Fifteen former contract workers at the Driving Licence Card Account (DLCA), which is responsible for the printing of all drivers’ licences in SA, claim the issue of new drivers’ licences is backlogged and will take months to catch up.
One estimate puts the backlog at 450 000, though the DLCA says the backlog is just 50 000 and will be cleared by the end of the month. A planned picket by former workers outside the DLCA offices in Erasmuskloof in Pretoria was interdicted by the DLCA on Monday.
The situation came about because the 15 workers who were responsible for the printing and issue of licences across the country were dismissed by DLCA when they refused to sign a new short-term labour contract, claiming they were entitled to permanent positions. Some of the workers have been doing the job for 15 years, all of it on part-time contracts.
In addition to the backlog, the dismissed workers say a sizeable percentage of the licences now being issued are riddled with errors, because the staff sent in to replace them do not have the necessary experience to operate the production machines.
The contract for issuing drivers’ licences was previously held by a private company, Prodiba, which ended up in protracted litigation with the Department of Transport over the right to extend the contract for another five years. In February 2013, and with just a month to go before his own employment at the department expired, then director-general George Mahlalela extended Prodiba’s contract for another five years. This contradicted the department’s previously stated plan to bring the issuing of licences in-house.
The contract, worth an estimated R1.1 billion, was challenged by the department and overturned in the Supreme Court of Appeal (SCA). In June 2015 the Constitutional Court upheld the SCA’s decision and refused Prodiba’s right to appeal. The Department of Transport then made good on its promise to bring the printing and issue of licences in-house, under DLCA.
At this point the 15 production workers expected to be offered permanent employment, instead, they were offered eight-month contracts.
“All we want is our jobs,” says Martin Terblans, one of the 15 workers told to “sign or leave” on August 2 this year when he refused to sign the eight-month contract. “We want permanent positions like all other government employees.” Terblans is a fingerprint specialist who trained with the police before being asked to join DCLA.
One of the clauses workers were asked to sign prohibited them from seeking legal advice over the labour contract.
Former co-worker Pierre van den Berg, also a fingerprint specialist, says it is ironic that a government entity would snub the Labour Relations Act, which was amended in 2015 to provide greater security of employment to temporary and contract workers. “We have been on continuous contracts for more than a decade, first with Prodiba, and now with DLCA. Yet in our case, we were asked to leave immediately when we refused to sign another short-term contract.”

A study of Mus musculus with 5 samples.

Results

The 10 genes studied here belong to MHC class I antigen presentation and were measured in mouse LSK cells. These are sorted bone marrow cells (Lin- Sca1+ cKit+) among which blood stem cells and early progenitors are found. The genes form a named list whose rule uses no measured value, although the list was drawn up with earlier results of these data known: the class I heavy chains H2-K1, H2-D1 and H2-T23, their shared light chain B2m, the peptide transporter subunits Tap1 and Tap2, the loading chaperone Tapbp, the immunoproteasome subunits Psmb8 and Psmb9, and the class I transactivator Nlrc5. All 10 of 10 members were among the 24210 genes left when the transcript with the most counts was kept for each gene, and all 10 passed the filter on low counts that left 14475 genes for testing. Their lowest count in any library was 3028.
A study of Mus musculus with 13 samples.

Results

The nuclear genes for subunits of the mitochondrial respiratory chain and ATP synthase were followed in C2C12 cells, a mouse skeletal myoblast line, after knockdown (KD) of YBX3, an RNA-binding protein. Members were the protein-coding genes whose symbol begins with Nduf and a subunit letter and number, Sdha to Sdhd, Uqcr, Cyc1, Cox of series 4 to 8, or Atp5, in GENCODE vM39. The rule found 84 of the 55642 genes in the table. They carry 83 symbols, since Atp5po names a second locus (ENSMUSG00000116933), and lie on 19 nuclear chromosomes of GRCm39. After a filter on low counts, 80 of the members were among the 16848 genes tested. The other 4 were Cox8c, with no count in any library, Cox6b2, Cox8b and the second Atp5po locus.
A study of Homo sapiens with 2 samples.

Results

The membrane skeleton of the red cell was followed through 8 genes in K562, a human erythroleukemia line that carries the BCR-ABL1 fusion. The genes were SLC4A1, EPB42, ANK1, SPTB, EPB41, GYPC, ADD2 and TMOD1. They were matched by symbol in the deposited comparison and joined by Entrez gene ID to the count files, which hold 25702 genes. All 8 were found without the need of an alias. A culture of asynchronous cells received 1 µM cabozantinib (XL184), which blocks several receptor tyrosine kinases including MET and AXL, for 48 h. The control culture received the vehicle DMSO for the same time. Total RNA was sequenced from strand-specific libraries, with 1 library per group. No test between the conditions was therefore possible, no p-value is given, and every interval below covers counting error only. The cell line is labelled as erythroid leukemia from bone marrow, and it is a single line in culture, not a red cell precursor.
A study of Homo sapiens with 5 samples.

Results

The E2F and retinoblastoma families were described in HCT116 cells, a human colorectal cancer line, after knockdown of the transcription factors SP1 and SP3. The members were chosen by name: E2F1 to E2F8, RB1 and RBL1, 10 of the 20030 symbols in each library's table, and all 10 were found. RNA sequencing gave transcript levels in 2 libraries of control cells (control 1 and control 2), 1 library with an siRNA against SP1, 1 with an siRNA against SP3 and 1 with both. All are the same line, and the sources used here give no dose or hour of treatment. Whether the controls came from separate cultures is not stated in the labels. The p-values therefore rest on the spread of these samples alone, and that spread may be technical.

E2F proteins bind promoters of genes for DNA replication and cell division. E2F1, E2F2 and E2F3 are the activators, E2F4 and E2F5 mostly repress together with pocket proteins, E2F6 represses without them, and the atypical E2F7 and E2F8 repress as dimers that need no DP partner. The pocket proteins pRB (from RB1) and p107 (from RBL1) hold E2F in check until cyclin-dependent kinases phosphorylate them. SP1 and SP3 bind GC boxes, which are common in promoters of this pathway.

It was at this point that the printing presses went into slow motion, as DLCA management brought in replacement workers to operate the production machines. They claim the machines typically churn out 15 000 licences a day, but that slowed to a trickle when they were told to leave.
The claim of a 450 000 licence backlog is dismissed by acting head of the DLCA, Collins Letsoalo, who says the actual backlog is just 50 000, which will be cleared in the next few weeks.
Letsoalo also says he has hard evidence that the dismissed workers engaged in sabotage of the production facility before leaving. “We have handed this information over to the police for further investigation,” he says.
“There are 50 workers at DLCA, and 35 signed the new contracts, 15 refused. Those who refused were asked to leave. We are planning on introducing a new polycarbonate printing technology to replace the laminated paper system currently in place. Because of the change in technology, we are not able to offer long-term employment.”
Terblans and Van den Berg dismiss Letsoalo’s claims of sabotage. “The entire production facility has cameras everywhere. It is a high-security area. Anyone working there knows that sabotage would immediately be detected. I look forward to being confronted with any evidence of sabotage, because it doesn’t exist,” says Terblans.
The dismissed workers launched an ongoing picketing campaign outside the DLCA offices in Pretoria until they were interdicted on Monday. The matter is currently before the General Public Service Sector Bargaining Council, with a hearing date set down for January next year. Legal representatives for the workers say they may have to take the matter to the Labour Court, as the workers have been left without jobs and a source of income.